Don’t Worry, You Don’t have to Buy a Smaller Carry-on Bag

We’ve been hearing from folks who saw media reports about “a new guideline that recommends shrinking carry-on bags,” as the AP put it. It has been suggested that as a result, we’ll all have to go out and buy smaller carry-ons. FareCompare travel analyst and CEO Rick Seaney’s eloquent yet succinct response? “Baloney.”

Smaller Carry-on Bags: Not Mandatory

The guideline is the brainchild of the International Air Transport Association, a trade organization of airlines better known as IATA which is headquartered in Montreal (executive offices in Geneva).

What is the guideline or recommendation?

The guideline suggests passengers use smaller or “optimal” sized carry-ons with dimensions of 21.5 inches tall x 13.5 inches wide x 7.5 inches deep.

Is this is smaller than the U.S. standard?

It’s smaller than what most U.S. airlines allow, yes, but there is no standard size. Some examples of what different airlines allow:

  • Alaska: 24 x 17 x 10 inches
  • United: 22 x 14 x 9 inches
  • Spirit: 22 x 18 x 10 inches

Will U.S. airlines have to agree to this guideline?

No. It is a recommendation only and not binding even for the handful of international airlines that reportedly have agreed to incorporate this guideline. As the AP points out, “details of how the guideline will be implemented are murky.”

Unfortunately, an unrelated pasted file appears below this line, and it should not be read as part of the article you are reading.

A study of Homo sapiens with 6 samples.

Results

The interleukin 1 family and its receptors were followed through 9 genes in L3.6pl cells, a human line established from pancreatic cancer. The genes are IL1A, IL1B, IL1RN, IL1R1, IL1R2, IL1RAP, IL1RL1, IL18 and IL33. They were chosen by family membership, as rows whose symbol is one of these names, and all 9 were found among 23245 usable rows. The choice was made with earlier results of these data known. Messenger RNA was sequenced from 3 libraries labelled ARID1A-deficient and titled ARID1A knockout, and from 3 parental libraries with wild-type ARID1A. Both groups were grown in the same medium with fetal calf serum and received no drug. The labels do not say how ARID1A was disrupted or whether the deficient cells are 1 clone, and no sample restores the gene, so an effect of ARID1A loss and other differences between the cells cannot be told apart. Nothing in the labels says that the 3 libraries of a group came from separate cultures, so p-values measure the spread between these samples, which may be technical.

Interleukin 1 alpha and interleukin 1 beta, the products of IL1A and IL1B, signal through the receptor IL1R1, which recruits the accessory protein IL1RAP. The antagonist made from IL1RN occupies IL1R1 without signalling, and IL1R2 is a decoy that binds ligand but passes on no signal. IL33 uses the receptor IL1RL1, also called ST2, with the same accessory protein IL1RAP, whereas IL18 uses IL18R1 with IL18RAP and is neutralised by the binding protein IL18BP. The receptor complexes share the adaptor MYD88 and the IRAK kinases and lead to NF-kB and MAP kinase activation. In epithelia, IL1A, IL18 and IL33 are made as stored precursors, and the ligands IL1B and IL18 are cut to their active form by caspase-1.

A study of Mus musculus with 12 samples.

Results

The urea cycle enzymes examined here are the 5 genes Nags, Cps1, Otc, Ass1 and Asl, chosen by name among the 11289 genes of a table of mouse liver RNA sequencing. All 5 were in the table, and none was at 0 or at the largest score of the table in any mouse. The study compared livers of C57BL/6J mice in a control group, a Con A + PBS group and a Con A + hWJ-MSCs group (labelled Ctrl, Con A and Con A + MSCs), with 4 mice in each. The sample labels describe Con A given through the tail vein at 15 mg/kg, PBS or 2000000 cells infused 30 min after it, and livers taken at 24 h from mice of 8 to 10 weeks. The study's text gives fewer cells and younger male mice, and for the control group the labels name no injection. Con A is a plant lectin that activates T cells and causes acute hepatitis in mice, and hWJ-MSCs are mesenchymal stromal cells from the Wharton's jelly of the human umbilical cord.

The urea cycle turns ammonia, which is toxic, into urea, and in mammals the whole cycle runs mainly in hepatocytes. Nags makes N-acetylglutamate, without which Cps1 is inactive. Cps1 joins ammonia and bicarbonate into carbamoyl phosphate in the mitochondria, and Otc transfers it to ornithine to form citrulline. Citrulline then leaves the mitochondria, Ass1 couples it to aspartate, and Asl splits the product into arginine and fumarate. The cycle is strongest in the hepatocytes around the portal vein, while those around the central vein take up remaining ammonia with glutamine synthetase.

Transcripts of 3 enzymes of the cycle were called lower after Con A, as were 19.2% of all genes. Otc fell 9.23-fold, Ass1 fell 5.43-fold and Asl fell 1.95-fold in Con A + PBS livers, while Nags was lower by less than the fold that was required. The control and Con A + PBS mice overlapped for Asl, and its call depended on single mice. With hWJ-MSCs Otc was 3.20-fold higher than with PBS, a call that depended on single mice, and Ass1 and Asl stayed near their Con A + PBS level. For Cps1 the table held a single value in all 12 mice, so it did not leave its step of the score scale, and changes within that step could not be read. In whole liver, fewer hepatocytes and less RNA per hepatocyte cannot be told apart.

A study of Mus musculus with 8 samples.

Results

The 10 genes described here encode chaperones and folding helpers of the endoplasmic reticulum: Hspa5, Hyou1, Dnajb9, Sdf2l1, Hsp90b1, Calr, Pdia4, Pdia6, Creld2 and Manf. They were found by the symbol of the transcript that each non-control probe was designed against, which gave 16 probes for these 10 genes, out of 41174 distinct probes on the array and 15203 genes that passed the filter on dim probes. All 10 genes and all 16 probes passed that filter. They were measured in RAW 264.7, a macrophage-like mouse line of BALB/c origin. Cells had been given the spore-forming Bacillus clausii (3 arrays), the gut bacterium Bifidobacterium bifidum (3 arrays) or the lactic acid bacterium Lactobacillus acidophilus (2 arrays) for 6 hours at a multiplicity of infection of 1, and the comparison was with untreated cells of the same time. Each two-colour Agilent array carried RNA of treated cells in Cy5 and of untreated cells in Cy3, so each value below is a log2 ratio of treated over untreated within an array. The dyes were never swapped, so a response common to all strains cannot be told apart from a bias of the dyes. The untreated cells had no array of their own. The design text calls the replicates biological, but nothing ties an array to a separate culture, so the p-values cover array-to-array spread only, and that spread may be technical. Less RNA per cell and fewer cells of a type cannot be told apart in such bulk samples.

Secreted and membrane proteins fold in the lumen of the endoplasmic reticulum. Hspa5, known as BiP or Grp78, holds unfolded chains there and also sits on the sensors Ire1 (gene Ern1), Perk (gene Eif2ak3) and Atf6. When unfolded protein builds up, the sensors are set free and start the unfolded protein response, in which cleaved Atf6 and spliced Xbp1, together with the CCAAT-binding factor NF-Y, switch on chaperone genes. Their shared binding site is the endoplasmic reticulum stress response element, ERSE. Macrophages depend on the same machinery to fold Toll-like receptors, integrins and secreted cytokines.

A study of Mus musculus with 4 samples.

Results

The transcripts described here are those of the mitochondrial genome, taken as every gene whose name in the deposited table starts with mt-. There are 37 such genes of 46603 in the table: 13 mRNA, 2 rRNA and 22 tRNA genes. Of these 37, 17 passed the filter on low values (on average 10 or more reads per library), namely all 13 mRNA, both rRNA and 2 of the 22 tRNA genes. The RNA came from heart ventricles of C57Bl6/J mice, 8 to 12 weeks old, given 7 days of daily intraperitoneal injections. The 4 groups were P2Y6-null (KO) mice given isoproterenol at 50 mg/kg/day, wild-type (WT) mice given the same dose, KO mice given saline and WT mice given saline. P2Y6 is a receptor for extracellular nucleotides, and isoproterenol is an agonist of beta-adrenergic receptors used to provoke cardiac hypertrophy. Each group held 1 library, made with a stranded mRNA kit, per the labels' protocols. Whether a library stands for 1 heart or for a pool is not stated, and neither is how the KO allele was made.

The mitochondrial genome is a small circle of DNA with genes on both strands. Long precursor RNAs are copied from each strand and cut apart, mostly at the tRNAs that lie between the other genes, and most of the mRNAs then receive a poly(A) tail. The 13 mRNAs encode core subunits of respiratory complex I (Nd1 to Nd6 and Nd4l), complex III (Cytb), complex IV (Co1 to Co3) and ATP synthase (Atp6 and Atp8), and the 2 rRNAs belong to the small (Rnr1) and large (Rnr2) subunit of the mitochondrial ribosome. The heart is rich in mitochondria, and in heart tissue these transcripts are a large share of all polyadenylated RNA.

Why are  smaller carry-ons being proposed?

Supposedly to free up room in overhead storage bins, which can get crowded. An unstated reason may have to do with fees; a smaller carry-on might prompt more travelers to check a large bag for a fee but this is sheer speculation.

Why wouldn’t U.S. airlines go along with a guideline recommending smaller bags?

We’ll let Rick Seaney do the honors: “An airline’s lifeblood is its high-paying business travelers,” said Seaney, “Why would any carrier want to anger its most lucrative customers who always use carry-ons by forcing them to buy new ones?” They wouldn’t, of course, and Seaney added, “Besides the trend is toward bigger bins with more space for bags.” A good example is the Boeing 787 or Dreamliner.

Do you have to buy a smaller carry-on? No. If this changes, we’ll let you know.